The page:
PhRMA Challenges 340B Drug Pricing Program ADR Rule


Drug Pricing

The Pharmaceutical Research and Manufacturers of America (PhRMA) recently filed a complaint stating that the 340B Drug Pricing Program administrative dispute resolution (ADR) rule is “arbitrary and capricious.”

The complaint, submitted to the US District Court for the District of Maryland, argued that the ADR rule is not the product of reasoned decision-making, is unconstitutional, and “further distorts an already broken program.”

According to PhRMA, the ADR process is also in violation of the appointment clause of the US Constitution.

The lawsuit comes as several major drug companies, including AstraZeneca and Eli Lilly & Company, cut off access to discounted products to 340B covered entities’ contract pharmacies at the end of last year.

“The 340B program of today is riddled with problems that prevent it from truly working to help our nation’s vulnerable patients access the medicines they need. There are patient-centered solutions that could get the 340B program back on track – like increasing transparency in the program to ensure the tens of billions of dollars in discounts provided by manufacturers are used to help patients,” James C. Stansel, PhRMA executive vice president and general counsel, said in the announcement.

“Instead, the Trump Administration rushed to finalize a flawed ADR rule and ignored the program’s larger issues,” Stansel continued.

In December 2020, HHS released a final rule implementing the ADR rule, which offers manufacturers and 340B “covered entities” a means of negotiating certain disputes in a more formal setting without resorting to litigation or private arbitration.

The final rule went into effect on January 13, 2021.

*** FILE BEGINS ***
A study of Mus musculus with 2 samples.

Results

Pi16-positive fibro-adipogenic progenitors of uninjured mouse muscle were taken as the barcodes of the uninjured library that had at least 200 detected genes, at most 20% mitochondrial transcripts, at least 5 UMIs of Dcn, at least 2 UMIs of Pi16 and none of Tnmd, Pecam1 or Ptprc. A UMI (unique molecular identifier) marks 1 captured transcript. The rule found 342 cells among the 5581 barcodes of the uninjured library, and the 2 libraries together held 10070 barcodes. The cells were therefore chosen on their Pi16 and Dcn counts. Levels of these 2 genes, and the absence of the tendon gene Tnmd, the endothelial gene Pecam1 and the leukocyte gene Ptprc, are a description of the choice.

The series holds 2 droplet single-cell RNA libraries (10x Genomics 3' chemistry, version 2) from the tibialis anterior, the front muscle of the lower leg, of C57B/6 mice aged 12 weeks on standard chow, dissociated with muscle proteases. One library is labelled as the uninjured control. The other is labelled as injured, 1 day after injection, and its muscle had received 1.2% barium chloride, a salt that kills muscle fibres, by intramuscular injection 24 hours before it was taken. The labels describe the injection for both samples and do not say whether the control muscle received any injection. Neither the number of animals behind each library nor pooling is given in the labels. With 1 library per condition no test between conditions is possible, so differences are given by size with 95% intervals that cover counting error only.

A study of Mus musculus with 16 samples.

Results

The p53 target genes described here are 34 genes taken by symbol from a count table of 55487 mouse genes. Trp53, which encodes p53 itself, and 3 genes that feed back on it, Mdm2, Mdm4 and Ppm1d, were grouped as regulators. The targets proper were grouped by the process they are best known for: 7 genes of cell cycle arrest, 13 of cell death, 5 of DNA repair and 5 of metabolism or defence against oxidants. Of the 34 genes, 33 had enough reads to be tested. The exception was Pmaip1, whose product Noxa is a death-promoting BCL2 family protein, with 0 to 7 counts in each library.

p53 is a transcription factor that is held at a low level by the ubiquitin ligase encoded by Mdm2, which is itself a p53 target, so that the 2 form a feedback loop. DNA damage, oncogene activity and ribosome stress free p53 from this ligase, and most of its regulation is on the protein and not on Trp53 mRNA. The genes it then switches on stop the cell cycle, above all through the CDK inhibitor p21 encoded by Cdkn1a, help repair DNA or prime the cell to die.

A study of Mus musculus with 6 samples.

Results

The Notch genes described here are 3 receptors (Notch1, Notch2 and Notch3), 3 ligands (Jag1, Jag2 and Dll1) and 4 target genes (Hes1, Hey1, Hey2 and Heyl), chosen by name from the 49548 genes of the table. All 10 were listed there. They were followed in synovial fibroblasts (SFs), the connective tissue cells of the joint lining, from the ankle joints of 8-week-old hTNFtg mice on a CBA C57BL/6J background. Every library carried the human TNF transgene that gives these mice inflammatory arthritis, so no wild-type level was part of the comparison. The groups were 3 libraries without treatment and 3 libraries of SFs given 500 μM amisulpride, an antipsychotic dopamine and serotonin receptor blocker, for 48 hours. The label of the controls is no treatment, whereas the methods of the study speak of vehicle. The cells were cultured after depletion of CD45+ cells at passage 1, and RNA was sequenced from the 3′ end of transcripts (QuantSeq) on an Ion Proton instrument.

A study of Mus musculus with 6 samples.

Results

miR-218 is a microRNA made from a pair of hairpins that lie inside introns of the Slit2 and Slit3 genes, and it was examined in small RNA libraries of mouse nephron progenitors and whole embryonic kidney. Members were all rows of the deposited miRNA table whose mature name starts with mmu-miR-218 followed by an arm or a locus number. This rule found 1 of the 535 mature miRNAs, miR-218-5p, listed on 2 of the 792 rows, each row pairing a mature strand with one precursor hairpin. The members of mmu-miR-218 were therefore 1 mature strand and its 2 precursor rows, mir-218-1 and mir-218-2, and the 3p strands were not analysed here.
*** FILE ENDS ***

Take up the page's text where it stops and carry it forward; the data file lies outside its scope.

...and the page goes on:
PhRMA claimed that although ADR was created to help enforce compliance with program requirements, the process is burdensome and has biased requirements that hinder a manufacturer’s ability to address violations of 340B program requirements.

“By rushing out a previously withdrawn proposed rule and finalizing it on a stale record, the agency failed to appropriately consider comments and changed circumstances. Instead, the ADR Final Rule creates a biased process that improperly hampers the ability of manufacturers to address violations of program requirements by covered entities,” a PhRMA spokesperson said in a summary of the complaint written by PhRMA.

Additionally, the manufacturer audit guidelines are contrary to law.

First, the audit guidelines do not require manufacturers to establish “reasonable cause” to Health Resource and Service Administration (HRSA) that a covered entity has violated the prohibitions on diversion.

Second, the guidelines’ requirement that manufacturers hire third parties to conduct audits goes against the statute, which directs covered entities to permit the HHS Secretary and the manufacturer to inspect the covered entities’ records, the complaint highlighted.

PhRMA also stated that the Trump Administration did not address concerns that were previously raised by stakeholders when the ADR rule was proposed in 2016. They also did not update the rule to reflect changes that have taken place over the past four years.

A January 2020 report from the Government Accountability Office (GAO) found that weakness in HRSA oversight of the 340 program may result in some hospitals receiving discounts when they are not eligible to participate.

GAO uncovered that out of 258 hospitals reviewed, 18 submitted documents that did not appear to be contracts, but all of the hospitals were able to participate in the 340B program.

Additionally, 13 hospitals reviewed did not serve the low-income population as defined in program rules.

HRSA also allowed hospitals to avoid audit findings by entering into new contracts with specific start dates. Three out of eight hospitals that submitted contracts that did not cover the audit’s period of review entered into contracts while the audit was still ongoing.

GAO advised HRSA to implement a more comprehensive process to verify hospital contracts.